By Sam Levin
By Sam Levin
By Sam Levin
By Jessica Lussenhop
By Sam Levin
By Timothy Lane
By Sam Levin
By Dennis Brown
Shortly before 9 a.m. on Saturday, November 22, 1980, Kenneth Swyers jumped out of a Cessna at 20,000 feet and screamed toward the Mississippi River. He popped his chute, and in an instant he was floating toward his target. Oh, to be the first parachutist to land atop the Gateway Arch.
Swyers drifted, moving ever closer to his target, and soon he landed. But glory was fleeting. Witnesses say he stumbled and grabbed at the big red warning light. Swirling gusts captured the daredevil's chute, and he lost his balance. With no traction, he slid headfirst down the stainless steel structure. At the halfway point, the frantic 33-year-old pulled his backup chute, but it withered and failed. Swyers landed with a thud and died on the spot.
But what a view he surely had for one brief and shining moment, 630 feet above St. Louis. At his back was East St. Louis, where citizens changed the course of American music. And below him, the glowing red-brick of downtown, this birthplace of potions and legends, home to blues and booze, ragtime and rock. Here, writers honored the river, architects built sturdy and high, and the westward masses paused to make a quick buck.
St. Louis may no longer be on the best-seller list of American cities, but there was a golden time in the previous century when the Lou hosted some of the nation's greatest minds. They've scattered like dandelion seeds, but if you dig, you can still see their traces. Let us begin our journey to some of the city's lesser-known historic sites.
For example, T.S. Eliot's "The Love Song of J. Alfred Prufrock" was inspired by a St. Louis man named William Prufrock, whose furniture store once stood two blocks south of the Old Post Office. Published in 1915, the famous poem analogized the city as "like a patient etherised upon a table," with "streets that follow like a tedious argument/Of insidious intent."
Today the spot at 1104 Locust is a parking lot. Welcome to St. Louis.
Ike and Tina Turner, on Broadway in East St. Louis.
Washington Avenue is lined for blocks with century-old warehouses and runs through the former garment district, meandering past the club district where in 1944 Miles Davis first played professionally. Just before Washington intersects with the Mississippi, it morphs into the Eads Bridge which Walt Whitman admired in Specimen Days. The bridge ends in East St. Louis, due north of the Casino Queen, which Wilco honored on its debut album. There it turns into Broadway and skitters past the hotels where stayed the likes of Duke Ellington, Louis Armstrong and Funkadelic.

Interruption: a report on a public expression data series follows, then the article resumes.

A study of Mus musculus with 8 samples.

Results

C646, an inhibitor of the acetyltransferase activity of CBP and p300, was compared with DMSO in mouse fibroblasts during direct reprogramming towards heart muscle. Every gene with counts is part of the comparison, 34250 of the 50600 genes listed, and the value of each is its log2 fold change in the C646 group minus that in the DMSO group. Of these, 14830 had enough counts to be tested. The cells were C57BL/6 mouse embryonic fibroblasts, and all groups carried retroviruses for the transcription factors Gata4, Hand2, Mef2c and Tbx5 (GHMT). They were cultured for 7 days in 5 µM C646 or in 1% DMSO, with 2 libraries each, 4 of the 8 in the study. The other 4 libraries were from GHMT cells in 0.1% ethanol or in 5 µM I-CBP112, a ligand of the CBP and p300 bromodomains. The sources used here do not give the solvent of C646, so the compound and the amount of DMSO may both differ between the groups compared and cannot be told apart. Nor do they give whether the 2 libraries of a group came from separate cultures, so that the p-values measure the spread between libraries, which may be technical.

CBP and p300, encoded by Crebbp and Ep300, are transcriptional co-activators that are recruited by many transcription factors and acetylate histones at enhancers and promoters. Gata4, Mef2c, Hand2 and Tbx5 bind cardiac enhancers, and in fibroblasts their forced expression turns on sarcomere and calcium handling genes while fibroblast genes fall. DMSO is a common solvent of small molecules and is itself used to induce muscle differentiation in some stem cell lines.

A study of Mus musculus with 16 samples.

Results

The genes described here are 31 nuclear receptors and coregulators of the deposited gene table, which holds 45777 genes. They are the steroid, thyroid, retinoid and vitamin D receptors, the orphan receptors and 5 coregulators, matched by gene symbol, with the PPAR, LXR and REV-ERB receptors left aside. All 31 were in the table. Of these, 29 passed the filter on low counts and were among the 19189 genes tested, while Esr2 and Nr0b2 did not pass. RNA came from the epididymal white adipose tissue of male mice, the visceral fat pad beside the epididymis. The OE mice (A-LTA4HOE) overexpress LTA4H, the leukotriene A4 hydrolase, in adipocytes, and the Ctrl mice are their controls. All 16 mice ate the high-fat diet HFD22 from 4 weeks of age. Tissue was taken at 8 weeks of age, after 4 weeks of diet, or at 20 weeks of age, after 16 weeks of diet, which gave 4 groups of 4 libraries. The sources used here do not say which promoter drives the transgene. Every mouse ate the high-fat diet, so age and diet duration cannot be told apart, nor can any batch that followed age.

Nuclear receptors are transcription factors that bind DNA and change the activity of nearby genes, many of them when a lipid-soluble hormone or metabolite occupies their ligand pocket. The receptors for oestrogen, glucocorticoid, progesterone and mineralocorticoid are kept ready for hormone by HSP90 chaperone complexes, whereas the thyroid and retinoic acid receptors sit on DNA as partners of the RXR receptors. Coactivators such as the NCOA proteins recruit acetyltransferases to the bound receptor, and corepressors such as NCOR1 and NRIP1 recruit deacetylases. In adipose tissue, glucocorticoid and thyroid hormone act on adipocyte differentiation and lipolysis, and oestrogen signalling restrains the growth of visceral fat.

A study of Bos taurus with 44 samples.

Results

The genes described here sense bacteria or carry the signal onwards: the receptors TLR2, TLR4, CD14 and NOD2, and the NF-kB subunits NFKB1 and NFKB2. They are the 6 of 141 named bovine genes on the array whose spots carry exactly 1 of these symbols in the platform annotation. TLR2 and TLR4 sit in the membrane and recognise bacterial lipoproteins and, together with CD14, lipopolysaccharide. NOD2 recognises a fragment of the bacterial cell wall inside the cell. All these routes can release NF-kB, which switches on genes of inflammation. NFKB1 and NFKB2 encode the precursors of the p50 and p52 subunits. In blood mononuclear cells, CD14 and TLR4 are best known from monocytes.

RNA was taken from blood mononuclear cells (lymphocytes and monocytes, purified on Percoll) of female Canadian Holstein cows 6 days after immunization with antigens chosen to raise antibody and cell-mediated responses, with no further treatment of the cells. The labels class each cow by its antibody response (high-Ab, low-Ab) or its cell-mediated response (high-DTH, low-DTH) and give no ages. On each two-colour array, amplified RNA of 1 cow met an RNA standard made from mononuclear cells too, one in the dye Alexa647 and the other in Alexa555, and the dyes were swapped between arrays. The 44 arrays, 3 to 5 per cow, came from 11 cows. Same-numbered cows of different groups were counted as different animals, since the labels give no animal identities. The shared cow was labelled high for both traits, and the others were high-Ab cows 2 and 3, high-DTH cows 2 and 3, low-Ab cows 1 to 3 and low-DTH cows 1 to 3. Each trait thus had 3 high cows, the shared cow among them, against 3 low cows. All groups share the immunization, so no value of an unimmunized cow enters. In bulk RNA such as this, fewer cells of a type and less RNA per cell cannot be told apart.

Downtown East St. Louis in the '30s, '40s and '50s was a veritable Havana of the Midwest, replete with roaring clubs, indiscreet speakeasies, and yes, even a thriving economy. Then seemingly everyone left, and it became a symbol of an America in decay.
Broadway winds east from downtown, and within a few blocks the vibe is considerably more country than city. Many of the theaters, clubs and restaurants, long neglected, have crumbled and died.
But the Four Aces lives on, a brick single-story at 1312 Broadway that still houses a liquor store in the front and a bar in the back. The other half of the building is devoted to a stage, a dance floor and rows of tables and chairs. The Disco Riders, a 32-member motorcycle club, own and operate the club, and on Saturday nights host dance parties.
Perched on a stool in the dimly lit bar, Dorsey Patterson, a member, says, "We got an old trunk in the basement, don't we?"
"Yeah, it's still down there," answers fellow Disco Rider Herschel Davis, clad in black leather from head to toe.
"It says 'Ike Turner' on it. We should get that out and clean that up," adds Patterson.
In the mid-1950s, the Four Aces was called the Manhattan Club. It was here the teenaged Annie Mae Bullock met Ike Turner, then in his early twenties. Turner used to tool around in a Buick Dynaflow crammed with young girls and musical instruments, recalls East St. Louis poet laureate Eugene Redmond. Turner would inevitably land at the Manhattan, where he'd practice and perform.
Annie Mae would someday become Tina Turner. "She was a teeny-bopper and a groupie," Redmond remembers. The future superstar used to hang around the Manhattan while her future husband was practicing. "Ike was known to run through women," he laughs. "Leon Thomas [who later gained fame as the yodeler on Pharoah Sanders' glorious "The Creator Has a Master Plan"] gave him the name, 'Ike Turner, the Woman Burner.'
"We watched Ike," adds Redmond. "He was fast."
Later, the couple had a much publicized dissolution amid a storm of drug abuse and violence. Redmond says he never saw Ike punch Tina at the Manhattan, but they sure argued a lot.
"There was always tension because there were always women in Ike's face -- or Ike in women's faces. I never saw him hit her, but I saw him shake her a couple times and bark at her a lot of times."